Israel Journal: Day the Fifth - Eighth

Blogging daily, or even every two or three days will probably not be a possibility for me.   So far, although it might change,  my day looks like this:  I get up in the morning, sometimes early—around 5:30-6:30 a.m., because my window down in the basement mamad* room doesn’t have a curtain yet (there is one in a plastic bag, but the people whose house guest I am have not put it up yet).  I have two bath towels hanging over the window, which swings in towards the room to open, for a little privacy and sun-blockage.  The morning sun streams into the room at 0500 hours or so, basically forcing me to wake up even if I don’t want to, as I didn’t today.  Last night I stayed up till 1:00 a.m. Skyping with my D. H. and some friends, one of whom I thought was in Israel, but was in the States.  Suffice it to say, I shouldn’t have. Stayed up, that is.  I wanted to sleep this morning, so when Mr. Shemesh* woke me up at the unearthly hour of 5:30, I staggered out of bed and rummaged through my luggage to find the eye covers that El Al so kindly distributed on a previous trip several years ago.  Back in bed with my eyes covered, I was able to snooze another couple of hours.  Until 8-something, actually.  So today, I’m late.

Talk about going off on a tangent.  So I get up, stagger upstairs to get my morning cup o’ Joe (or is it ‘Jo?’), stagger downstairs to drink it while seeing if anyone is online, meaning my family—usually they’re not, having to actually WORK HARD at their day.  My son has to help his sister get off the bed to the bathroom.  She can’t use her crutches anymore as her right leg won’t support her, is beginning to hurt and feel the RSD, which seems to be spreading to that leg.  He then helps her get to the living room couch, where he sets up her backrest and pillows, especially the one with the soft flannel fabric which is the only thing she can tolerate, under her left leg.  Then he takes care of his two little toddlers, a two-and-a-half year old and a one-and-a-half year old, two rambunctious, adorable, incredible little kids—my grandkids—a veritable handful!

Meanwhile, I am trying to get ready at my host’s house, showering and getting dressed and packing a backpack with everything I’ll need to begin walking towards my son’s place.  I can’t walk it—it’s 2.5 kilometers away, up and down serious hills.  Mainly UP.  So I start walking, a thousand-year-old woman with problem legs (betja didn't know I was that old, eh?), with my water bottle hanging from my shoulder and a heavy backpack, complete with laptop bag attached (this is a great pack, acquired by my D.H. some years back at an electronics business convention somewhere) on my back, looking back the way I came for a “tremp” – how they say a ‘lift’ or a ‘ride’  here- trudging along until a car comes my way.  And I hitch a tremp to the next neighborhood, which is my son’s.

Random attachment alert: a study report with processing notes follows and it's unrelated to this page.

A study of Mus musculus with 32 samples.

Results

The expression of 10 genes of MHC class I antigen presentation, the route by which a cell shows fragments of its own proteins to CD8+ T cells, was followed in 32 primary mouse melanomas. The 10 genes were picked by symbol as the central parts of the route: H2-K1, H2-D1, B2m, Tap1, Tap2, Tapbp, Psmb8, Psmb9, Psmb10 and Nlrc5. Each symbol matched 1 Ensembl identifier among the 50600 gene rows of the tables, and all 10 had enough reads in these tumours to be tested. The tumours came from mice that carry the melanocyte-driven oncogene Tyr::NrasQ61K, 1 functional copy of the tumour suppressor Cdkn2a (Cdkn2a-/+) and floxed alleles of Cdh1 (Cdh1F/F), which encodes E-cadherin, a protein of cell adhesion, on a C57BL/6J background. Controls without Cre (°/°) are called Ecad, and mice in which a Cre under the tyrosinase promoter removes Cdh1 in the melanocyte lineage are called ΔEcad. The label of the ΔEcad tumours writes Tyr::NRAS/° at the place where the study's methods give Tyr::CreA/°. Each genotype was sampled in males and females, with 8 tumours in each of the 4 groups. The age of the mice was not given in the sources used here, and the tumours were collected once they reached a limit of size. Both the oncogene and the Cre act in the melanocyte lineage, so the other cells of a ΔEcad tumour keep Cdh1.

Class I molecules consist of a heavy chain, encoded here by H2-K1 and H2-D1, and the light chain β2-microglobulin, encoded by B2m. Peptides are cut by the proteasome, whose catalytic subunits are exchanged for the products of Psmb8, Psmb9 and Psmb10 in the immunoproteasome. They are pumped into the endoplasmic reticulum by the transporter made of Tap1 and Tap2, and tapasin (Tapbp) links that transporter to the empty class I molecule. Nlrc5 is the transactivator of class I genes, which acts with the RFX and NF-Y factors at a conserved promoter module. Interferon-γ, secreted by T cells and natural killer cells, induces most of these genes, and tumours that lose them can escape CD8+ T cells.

At his place I help with the kids, wash dishes, and stay with my daughter and keep her company, and help her maneuver to the bathroom, as long as I don’t have to lift her.  I bring her coffee and food, and whatever she wants—I attend to her needs.  I make calls: to her doctors, setting up appointments, speaking to social workers, asking for prescriptions, etc.  Yesterday I drove to the local shopping center and bought them groceries.  Depending upon how tired I may be, I get the kids ready for bed; once I bathed them, although it’s hard on my back and knees.  I may help in putting them in bed, and I sing them to sleep. 

On Sunday, my daughter had what is called a “flare-up.”  That is when she suddenly gets a terrific ‘attack’ of acute pain in her leg and elsewhere, over and above her regular, chronic, constant pain, which could last for minutes, which seem like hours. And there is nothing anyone can do about it.  We have to stay with her—not touching the leg—I can rub her upper back, perhaps, while talking her through the torture—because that is what it is: you are watching your daughter being tortured—by telling her to “breathe, inhale for a count of three, exhale from your mouth for a count of four,” or try to remember my LaMaze breathing at the worse contraction in labor: panting and blowing.  All while feeling helpless to do anything, while your daughter cries and contorts her face and shakes and her toes curl in in terrible muscle spasms.  Because RSD pain is higher on the McGill Pain Scale than labor pain.  There is nothing like it.

My son is an angel.  He is calm and controlled when these flare-ups happen.  He talks softly to her, with love, and tells her she will get through it, and puts a cold compress on her forehead.  I have been blessed with these incredible children who care so much about each other—all of them.

So, I don’t have time to blog, but I did want to post this to keep you informed, and I will try to post from time to time.  Today I am already late in starting out to my son’s, so I will stop here.   Post when I can…


Batya said…
How frightening, a nightmare for sure. Shouldn't she be covered by bituach leumi, a work accident?